Sunday, August 16, 2009

Consciousness: Table of Contents

This post will be a permanent placeholder for links to all of my consciousness posts. It will expand until I finish posting on the topic.

(1) Creationists take aim at consciousness: It begins by mentioning that the Creationists have finally discovered consciousness, but mostly focuses on why real scientists should take consciousness seriously as an object of (scientific) study.

(2) Introducing Mr B: A look at the methods of your garden-variety biologist, and what distinguishes a biological approach from other perspectives (like that of the physicist).

(3) Mr B's first take on consciousness: In his first look at the evidence, Mr B concludes that neuronal processes are necessary and sufficient for consciousness in humans.

(4) Leveling with Mr B: We examine the different spatial and temporal levels of organization in the nervous system, and pinpoint the levels most relevant for consciousness.

(5) Switching Voices: Discusses the reasons I will begin referring to Mr B in the first person.

(6) Reversible Figures: Shows and discusses several reversible figures to illustrate perceptual ambiguity and bistable perception.

(7) More Ambiguous Figures: finishing our tour of ambiguous visual stimuli.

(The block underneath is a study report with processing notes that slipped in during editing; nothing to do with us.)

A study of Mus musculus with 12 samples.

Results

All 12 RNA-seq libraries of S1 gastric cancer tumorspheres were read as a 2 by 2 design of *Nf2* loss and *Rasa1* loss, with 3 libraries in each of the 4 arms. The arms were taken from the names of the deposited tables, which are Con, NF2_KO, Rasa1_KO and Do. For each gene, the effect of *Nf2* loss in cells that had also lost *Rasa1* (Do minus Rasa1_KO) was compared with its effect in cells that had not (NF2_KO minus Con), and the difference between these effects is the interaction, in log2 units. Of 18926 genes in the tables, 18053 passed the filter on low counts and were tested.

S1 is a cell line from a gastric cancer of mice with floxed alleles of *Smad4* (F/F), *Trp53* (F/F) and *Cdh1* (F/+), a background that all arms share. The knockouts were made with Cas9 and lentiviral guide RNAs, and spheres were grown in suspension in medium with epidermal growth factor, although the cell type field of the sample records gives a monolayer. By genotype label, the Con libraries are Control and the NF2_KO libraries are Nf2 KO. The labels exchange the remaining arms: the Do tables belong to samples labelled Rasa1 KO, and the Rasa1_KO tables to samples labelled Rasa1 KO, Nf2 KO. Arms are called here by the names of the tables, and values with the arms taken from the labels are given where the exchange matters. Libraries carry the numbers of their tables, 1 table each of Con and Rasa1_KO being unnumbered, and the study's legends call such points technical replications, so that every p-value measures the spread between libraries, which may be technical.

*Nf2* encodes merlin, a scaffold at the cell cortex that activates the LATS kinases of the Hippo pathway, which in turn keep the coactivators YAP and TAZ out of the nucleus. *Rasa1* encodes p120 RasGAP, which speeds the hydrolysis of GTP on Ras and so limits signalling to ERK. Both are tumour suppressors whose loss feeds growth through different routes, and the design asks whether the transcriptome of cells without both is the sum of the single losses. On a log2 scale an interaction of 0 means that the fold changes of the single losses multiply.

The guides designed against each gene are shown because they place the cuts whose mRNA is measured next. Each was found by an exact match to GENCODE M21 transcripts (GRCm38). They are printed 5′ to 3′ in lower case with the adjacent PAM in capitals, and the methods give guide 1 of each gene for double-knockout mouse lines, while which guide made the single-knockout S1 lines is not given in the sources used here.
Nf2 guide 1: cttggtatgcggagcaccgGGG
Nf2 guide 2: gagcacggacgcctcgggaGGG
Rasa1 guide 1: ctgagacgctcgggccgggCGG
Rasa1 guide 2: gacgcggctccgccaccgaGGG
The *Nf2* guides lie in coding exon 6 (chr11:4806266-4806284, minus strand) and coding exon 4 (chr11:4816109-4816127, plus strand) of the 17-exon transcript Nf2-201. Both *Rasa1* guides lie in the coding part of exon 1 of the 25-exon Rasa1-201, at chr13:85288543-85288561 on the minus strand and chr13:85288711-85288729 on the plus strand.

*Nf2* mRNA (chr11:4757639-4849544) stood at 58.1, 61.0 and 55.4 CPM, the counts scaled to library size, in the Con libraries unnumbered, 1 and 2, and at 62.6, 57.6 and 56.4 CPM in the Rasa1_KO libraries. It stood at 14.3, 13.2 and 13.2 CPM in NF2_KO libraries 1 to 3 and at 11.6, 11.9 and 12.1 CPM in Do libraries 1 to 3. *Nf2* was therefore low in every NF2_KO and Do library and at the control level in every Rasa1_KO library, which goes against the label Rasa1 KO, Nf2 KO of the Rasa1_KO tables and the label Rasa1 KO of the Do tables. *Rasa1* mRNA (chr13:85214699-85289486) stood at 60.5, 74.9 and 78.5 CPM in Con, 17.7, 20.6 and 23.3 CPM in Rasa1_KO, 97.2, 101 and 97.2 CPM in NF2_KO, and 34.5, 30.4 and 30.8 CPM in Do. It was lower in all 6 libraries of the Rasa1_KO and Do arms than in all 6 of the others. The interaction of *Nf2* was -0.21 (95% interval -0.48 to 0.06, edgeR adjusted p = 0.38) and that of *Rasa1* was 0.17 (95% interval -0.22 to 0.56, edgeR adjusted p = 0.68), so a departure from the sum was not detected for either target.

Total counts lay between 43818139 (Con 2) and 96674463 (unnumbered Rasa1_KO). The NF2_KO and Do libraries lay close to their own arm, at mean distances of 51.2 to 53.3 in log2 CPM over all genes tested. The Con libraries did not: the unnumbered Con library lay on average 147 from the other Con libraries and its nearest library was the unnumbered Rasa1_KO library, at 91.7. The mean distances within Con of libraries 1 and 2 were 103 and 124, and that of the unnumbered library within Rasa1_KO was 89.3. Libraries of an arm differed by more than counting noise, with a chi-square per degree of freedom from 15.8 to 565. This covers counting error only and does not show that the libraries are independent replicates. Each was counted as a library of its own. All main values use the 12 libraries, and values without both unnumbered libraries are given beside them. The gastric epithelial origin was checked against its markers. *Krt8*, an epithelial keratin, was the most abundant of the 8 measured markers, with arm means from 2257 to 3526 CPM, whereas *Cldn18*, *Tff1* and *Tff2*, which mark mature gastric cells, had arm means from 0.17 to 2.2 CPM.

(8) From perception to interpretation: starts to explore the claim that perception involves stimulus interpretation. Focus is on determining just what interpretation is.

(9) From texts to the grotesque cinema: to help make precise the claim that perception is stimulus interpretation, we examine the question, 'What is a stimulus?' in some detail.

(10) Contents and Vehicles: starts exploring the analogies between linguistic interpretation and visual perception. First up: there is a content/vehicle distinction.

(11) Ambiguity and context: a continuation of post 10. I examine ambiguity and contextual influences in perception and language interpretation.

(12) What the brain thinks it knows: continuing the previous two posts. I examine the effects of background knowledge and assumptions in perception and language interpretation.

(13) The interpreter versus the scribe: summary of the view that perception is stimulus interpretation.

(14) Interpretation mechanics: Discussion of the view that perception involves unconscious inference. Representations introduced.

(15) Opening the time capsule: quotations, from some great thinkers, that tie together the previous nine posts.

1 comment:

Unknown said...

Awesome work so far, though it's made me a little dizzy, the visual illusions that is.